Sun- and fun-seeking visitors often leave only as a last resort
EAST CAPE, Baja California -- Happy Hour took on a new meaning one recent afternoon as guests at Rancho Leonero gathered for adult beverages.
La Jolla's Bill Decker was at center stool and telling how he hooked a marlin earlier and fought it ever so briefly from one of the resort's kayaks less than a mile off the beach. The man vs. marlin battle only lasted 90 seconds or so, but it was enough to inspire novice paddlers to go for their own misadventures.
Resort owner John Ireland could only smile, knowing another story had been added to the scrapbook that is this storied oasis of a resort.
Ireland came here in 1979 for his own adventure, and the place stirred him so much he never left.
"I slept right there the first night I owned the place," Ireland said, pointing to the stone porch beneath the window carved into the resort's bar.
Cabo San Lucas to the south has very little left of the real Baja that existed before "the road" connected the United States to the Cape and brought the Giggling Marlin and Hard Rock Cafe. But Ireland has bottled Baja magic and retained it here.
"All these resorts have their own charm," said Steve Freedman, a San Diego accountant who owns a place near the resort. "It's like going to a restaurant and seeing that each one has its own dish, own specialty. But this one has a very comfortable atmosphere. It has a cabin feel with the rock walls, the flagstone and palm-thatched roofs. It's like the tongue-and-groove knotty pine cabins in the mountains. It just has rustic charm."
Freedman is gushing with enthusiasm on this day. He'd been out fishing and saw so many marlin and caught so many dorado the experience nearly was enough to get him to cancel his flight home later in the day.
Freedman came here 10 years ago and, like Ireland, won't ever really leave. Ditto for Jim Smith, a former Los Angeles motorcycle cop who said he once was "strained through the grill of a Cadillac." The accident left him disabled as a policeman. He's been at Rancho Leonero since 1953 and even knew the original owner, Gil Powell.
That was back when celebrities such as John Wayne and Bing Crosby and wealthy sportsmen flew in here to recreate and fish. Powell was related to actor William Powell and as a wildlife cinematographer filmed all over the world. His many trips to Africa earned him the nickname of "El Leonero," which translates to "the one who knows lions."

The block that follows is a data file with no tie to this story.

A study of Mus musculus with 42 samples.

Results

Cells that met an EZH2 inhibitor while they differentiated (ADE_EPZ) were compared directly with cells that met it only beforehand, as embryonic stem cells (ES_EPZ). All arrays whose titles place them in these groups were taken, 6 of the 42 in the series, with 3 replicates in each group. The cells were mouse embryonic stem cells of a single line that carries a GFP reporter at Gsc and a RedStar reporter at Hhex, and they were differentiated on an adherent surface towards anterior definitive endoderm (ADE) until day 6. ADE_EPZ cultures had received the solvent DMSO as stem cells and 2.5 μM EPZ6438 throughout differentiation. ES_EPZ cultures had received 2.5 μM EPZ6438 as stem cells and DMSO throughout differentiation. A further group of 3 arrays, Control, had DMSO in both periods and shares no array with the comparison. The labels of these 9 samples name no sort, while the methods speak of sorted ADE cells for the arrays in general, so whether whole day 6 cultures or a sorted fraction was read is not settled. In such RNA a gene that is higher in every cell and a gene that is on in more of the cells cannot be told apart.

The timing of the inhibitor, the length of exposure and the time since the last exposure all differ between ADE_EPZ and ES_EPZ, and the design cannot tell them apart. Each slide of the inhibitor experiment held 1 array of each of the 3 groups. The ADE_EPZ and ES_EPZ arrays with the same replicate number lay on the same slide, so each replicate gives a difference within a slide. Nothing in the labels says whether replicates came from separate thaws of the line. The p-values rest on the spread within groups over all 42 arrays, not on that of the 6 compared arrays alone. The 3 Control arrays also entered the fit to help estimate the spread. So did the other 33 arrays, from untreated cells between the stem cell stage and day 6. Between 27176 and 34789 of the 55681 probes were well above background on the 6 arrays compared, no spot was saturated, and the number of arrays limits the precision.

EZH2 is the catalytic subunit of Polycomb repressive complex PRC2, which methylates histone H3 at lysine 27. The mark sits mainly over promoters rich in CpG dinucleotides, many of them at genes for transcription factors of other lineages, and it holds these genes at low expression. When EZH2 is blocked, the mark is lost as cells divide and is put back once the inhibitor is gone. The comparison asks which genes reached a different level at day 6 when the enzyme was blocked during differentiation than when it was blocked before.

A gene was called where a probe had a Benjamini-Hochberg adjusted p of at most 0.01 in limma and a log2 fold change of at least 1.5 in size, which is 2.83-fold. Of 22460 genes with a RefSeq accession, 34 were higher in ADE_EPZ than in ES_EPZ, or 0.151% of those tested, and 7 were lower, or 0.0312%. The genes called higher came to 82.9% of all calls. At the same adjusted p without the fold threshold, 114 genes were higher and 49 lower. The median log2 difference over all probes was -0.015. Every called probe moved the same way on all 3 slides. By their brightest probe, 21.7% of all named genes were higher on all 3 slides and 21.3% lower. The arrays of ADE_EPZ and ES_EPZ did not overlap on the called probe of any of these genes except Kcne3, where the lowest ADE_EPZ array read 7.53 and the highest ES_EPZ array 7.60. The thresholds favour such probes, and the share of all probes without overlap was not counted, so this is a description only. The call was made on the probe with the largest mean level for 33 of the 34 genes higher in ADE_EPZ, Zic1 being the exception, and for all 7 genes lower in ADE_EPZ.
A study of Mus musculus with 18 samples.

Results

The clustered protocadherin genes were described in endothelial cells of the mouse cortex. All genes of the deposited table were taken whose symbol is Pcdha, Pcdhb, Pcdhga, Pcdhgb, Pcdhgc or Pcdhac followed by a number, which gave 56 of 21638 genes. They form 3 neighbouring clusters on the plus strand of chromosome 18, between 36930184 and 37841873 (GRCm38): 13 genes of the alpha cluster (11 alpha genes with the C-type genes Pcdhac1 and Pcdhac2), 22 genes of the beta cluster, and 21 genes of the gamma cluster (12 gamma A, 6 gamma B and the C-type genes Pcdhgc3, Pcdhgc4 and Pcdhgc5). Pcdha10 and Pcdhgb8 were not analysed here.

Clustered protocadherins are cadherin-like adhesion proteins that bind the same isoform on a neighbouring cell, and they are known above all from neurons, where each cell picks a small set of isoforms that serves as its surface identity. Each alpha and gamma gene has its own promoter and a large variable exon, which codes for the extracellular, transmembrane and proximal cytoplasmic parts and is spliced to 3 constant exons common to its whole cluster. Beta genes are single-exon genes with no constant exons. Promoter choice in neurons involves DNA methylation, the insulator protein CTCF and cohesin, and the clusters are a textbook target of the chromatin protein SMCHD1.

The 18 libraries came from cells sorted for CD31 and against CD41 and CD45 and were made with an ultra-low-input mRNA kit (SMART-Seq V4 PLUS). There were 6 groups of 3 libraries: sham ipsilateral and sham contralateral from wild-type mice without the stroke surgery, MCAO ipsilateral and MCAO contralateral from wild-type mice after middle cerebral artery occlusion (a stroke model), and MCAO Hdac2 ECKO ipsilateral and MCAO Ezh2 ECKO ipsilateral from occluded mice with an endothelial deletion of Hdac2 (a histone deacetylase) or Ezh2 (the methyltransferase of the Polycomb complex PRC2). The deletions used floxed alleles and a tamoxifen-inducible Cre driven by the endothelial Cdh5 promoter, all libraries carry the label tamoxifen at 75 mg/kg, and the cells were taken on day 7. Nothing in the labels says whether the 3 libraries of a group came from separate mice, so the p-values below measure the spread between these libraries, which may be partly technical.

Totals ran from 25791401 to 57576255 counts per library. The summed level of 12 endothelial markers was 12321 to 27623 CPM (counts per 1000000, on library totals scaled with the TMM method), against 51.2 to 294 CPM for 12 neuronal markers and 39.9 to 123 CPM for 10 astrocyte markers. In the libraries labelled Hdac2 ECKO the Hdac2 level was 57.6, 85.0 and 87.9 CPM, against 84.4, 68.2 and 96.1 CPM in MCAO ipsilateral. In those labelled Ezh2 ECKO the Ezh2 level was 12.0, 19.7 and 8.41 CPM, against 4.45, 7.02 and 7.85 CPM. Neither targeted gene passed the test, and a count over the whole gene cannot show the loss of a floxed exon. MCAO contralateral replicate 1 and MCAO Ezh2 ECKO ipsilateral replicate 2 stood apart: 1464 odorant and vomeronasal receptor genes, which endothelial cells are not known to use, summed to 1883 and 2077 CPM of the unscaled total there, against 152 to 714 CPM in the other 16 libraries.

Powell died in 1974, and the ranch was deserted when Ireland discovered it five years later.
Powell's original ranch house forms the bar and office of the current resort, but Ireland transformed it into the cozy resort it is today, loaded with amenities, but plenty of Old Baja.
"I tried to make it as simple as I could and yet not have people want anything when they're here," Ireland said.
Ireland is most proud of the fact his resort is not totally dedicated to fishing, although it is equipped with 26-to 33-foot cruisers and a dozen pangas for serious anglers.
The resort also offers kayaks, all-terrain quads, horseback riding, snorkeling and scuba diving, a full open-air gym with free weights and exercise equipment. There's also a pool and spacious air-conditioned rooms and oceanfront king-size bungalows.
"We really get a lot of families here," Ireland said. "Women usually make the bookings."
Twenty years after discovering the place, Ireland is as excited as ever about the area's prospects. More additions to the resort are planned, and there could be a golf course on the horizon.
Bobby Van Wormer Jr., 28, was named Baja's state tourism director, and Ireland sees good things from that appointment. Bobby Van Wormer Sr. is one of the pioneers of tourism in Baja.
"Bobby is young and energetic, and he and his father have always been rabid about conservation and controlling commercial fishermen here," Ireland said.
Ireland said Van Wormer Jr. will spend more of the state's advertising dollars promoting the entire state of Baja, not just Cabo San Lucas, as in the past.
Rancho Leonero's success, Ireland said, has been due to the quality people he's brought to the resort. His girlfriend, Jennifer McMurtray, assists him, and last month Ireland hired Gary Barnes-Webb as manager.
Barnes-Webb was a professional big-game hunting guide from South Africa who had guided Ireland and McMurtray on a couple of successful hunts. Barnes-Webb, who is a fifth-generation South African, moved his wife and two children to Baja in early June.
Of all the resort's selling points, however, the main one flows underground from the nearby Laguna Mountains. There's truly nothing bottled that matches the sweet taste of this area's well water. It's one of the few places in Baja where you can drink the agua without fear.
"If you ever drink the water here, you'll always come back," the old-timer Smith said. "It's Baja's best-kept secret."